I’ve read the book cover-to-cover and have devoured the gorgeous photos and charming stories of lay people enlisted as testers when developing the recipes for the book. I’m now ready to bake away! There’s just one small wrinkle…. the starter I’ve begun according to the book’s recipe isn’t ready yet.
Unfortunately, I have a long, troubled history with starters.
The first starter I ever tried to develop was from some random internet recipe that I plucked on a lark. After a week, I gave up and threw the nasty mess out. Later, I decided to try again so I studied Nancy Silverton’s starter recipe closely and watched over my starter like a hawk. I was so obsessed that I began to resent that starter because it consumed so much time and energy. Honestly, some days it’s hard enough to make sure I feed myself - to have to worry about feeding that damn starter three times a day at set times began to wear on me.
But my efforts paid off and the starter developed. I began baking with it but still hadn’t achieved what I considered a satisfactory loaf when calamity struck. During feeding one day, I somehow mistook my mother starter for the overflow starter that is poured off and discarded. I wound up pouring my mother starter down the sink drain. Just about the time that I turned off the faucet, I realized what I had done. By then, all was lost. At that point, I was fed up and just done. I decided that the fool-proof, no-knead bread recipe that uses commercial dry yeast was good enough for me and that maybe I just wasn’t fated to be an advanced bread baker.
I seemed fine with this decision for quite a while but then I started to get a twinge every now and then when biting into a delicious piece of artisan bread with the unmistakable taste of richly developed wild yeast. That flavor is just irreplaceable. When I heard that Tartine Bread was coming out, I knew I had to give it another try.
So here I go again…
Hopefully the curse has broken. Cross your fingers for me!
Crusty White Bread
adapted from Chad Robertson's short cut recipe printed in the November 2010 issue of Food & Wine
Given the detailed, very prescribed starter recipes that I’ve seen, I was pleasantly surprised at the simplicity of Chad’s instructions on making starter and thrilled to see that it only requires feeding once a day. So far, it’s been a breeze and my starter is developing exactly according to his description in the recipe. While waiting for it to develop, I’m making loaves from Chad’s short cut recipe published in the November issue of Food & Wine that uses a pre-ferment with packaged yeast. My first attempt at the short cut bread turned out really well and now I’m so excited for my starter to finish developing. This short cut bread is a nice preview of just how good the starter developed bread will be.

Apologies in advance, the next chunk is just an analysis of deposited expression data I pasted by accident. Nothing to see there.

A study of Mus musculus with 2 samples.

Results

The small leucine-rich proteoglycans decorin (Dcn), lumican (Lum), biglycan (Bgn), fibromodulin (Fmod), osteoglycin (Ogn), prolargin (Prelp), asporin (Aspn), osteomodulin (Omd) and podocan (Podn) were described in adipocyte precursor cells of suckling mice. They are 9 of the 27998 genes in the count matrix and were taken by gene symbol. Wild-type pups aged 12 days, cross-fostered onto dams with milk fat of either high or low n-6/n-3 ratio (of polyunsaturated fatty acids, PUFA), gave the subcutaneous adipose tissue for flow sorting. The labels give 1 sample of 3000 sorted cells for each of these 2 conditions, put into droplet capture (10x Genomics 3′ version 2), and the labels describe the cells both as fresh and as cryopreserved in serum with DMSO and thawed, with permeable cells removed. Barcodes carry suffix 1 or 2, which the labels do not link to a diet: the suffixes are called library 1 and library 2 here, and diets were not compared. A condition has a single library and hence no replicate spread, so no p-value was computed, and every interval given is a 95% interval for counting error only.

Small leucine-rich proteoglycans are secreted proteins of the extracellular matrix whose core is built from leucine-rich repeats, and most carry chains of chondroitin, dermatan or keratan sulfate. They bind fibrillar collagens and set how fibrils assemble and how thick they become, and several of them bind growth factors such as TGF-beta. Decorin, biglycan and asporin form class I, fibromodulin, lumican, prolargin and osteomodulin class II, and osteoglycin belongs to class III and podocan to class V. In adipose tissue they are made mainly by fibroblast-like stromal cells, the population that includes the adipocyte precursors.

250 g (1 c + 2 T) warm water
1/4 t dry granulated yeast
300 g (2 1/2 c) bread flour or all-purpose flour
1.25 kg (5 1/2 c) warm water
1.8 kg (13 3/4 c) bread flour or all-purpose flour
200 g (1 1/2 c) whole wheat flour
5 T kosher salt dissolved in 1/2 cup of warm water
White rice flour or all-purpose flour, for dusting
*A heavy gauge cast iron pot, casserole, or lidded skillet for is needed for baking the bread.
PREPARE THE PRE-FERMENT:
In a medium bowl, mix the water with the yeast and stir until the yeast is dissolved. Stir in the flour. Cover loosely with a kitchen towel and let rise at room temperature for 10 to 14 hours.
PREPARE THE BREAD DOUGH:
1. In a bowl, combine the warm water with the pre-ferment. Use your hands to break up the pre-ferment until dissolved. In a very large bowl, whisk the bread/all-purpose flour (I always use bread flour) with the whole wheat flour. Using your hands, mix the dissolved pre-ferment into the flours. Cover the bowl with a kitchen towel and let stand for 30 minutes.
2. Uncover the dough and add the salt water. Gently fold the dough over onto itself until the salt water is thoroughly incorporated.
Loosely cover the dough and let rest for 1 hour; every 20 minutes, gently fold the dough up and over onto itself 4 times.Cover the dough and let stand for 3 to 4 hours.
***Note: this recipe makes a large quantity of dough. Because the cast iron pot I use to bake bread is on the small side at approximately 2.5 quarts, I divided the dough into two halves and portioned one half into two rounds for bread. I divided the other half of the dough into 4 small rounds to be frozen for pizza dough. Divide the dough according to the size of your baking vessel.
3. Turn the dough out onto a floured work surface and divide. Using a bench scraper and floured hands, gently shape the dough into rounds, folding the dough under itself as necessary. Let the loaves stand on the work surface for 20 minutes and then gently fold the sides under again.
4. Line large bowls with kitchen towels and generously dust the towels with rice flour. Transfer the loaves to the bowls, rounded sides down. Cover the loaves with clean towels and let rise for 4 to 5 hours. Alternatively, let the dough rise for 1 hour at room temperature, then refrigerate the loaves overnight. Let the dough come to room temperature before baking.
5. Preheat the oven to 490°. Heat a cast-iron casserole, lidded skillet, or pot for 30 minutes. Remove from the oven and dust the bottom with rice flour. Turn the loaves into the heated casserole/skillet/pot, rounded side up, and score the tops with a sharp, thin knife (I forgot the step and the bread was just fine). Cover and bake the bread for 15 minutes. Reduce the oven temperature to 470° and bake for 20 minutes. Uncover and bake the loaves for 25 minutes or until the bread is richly browned. Transfer the bread to a rack; let cool completely before slicing.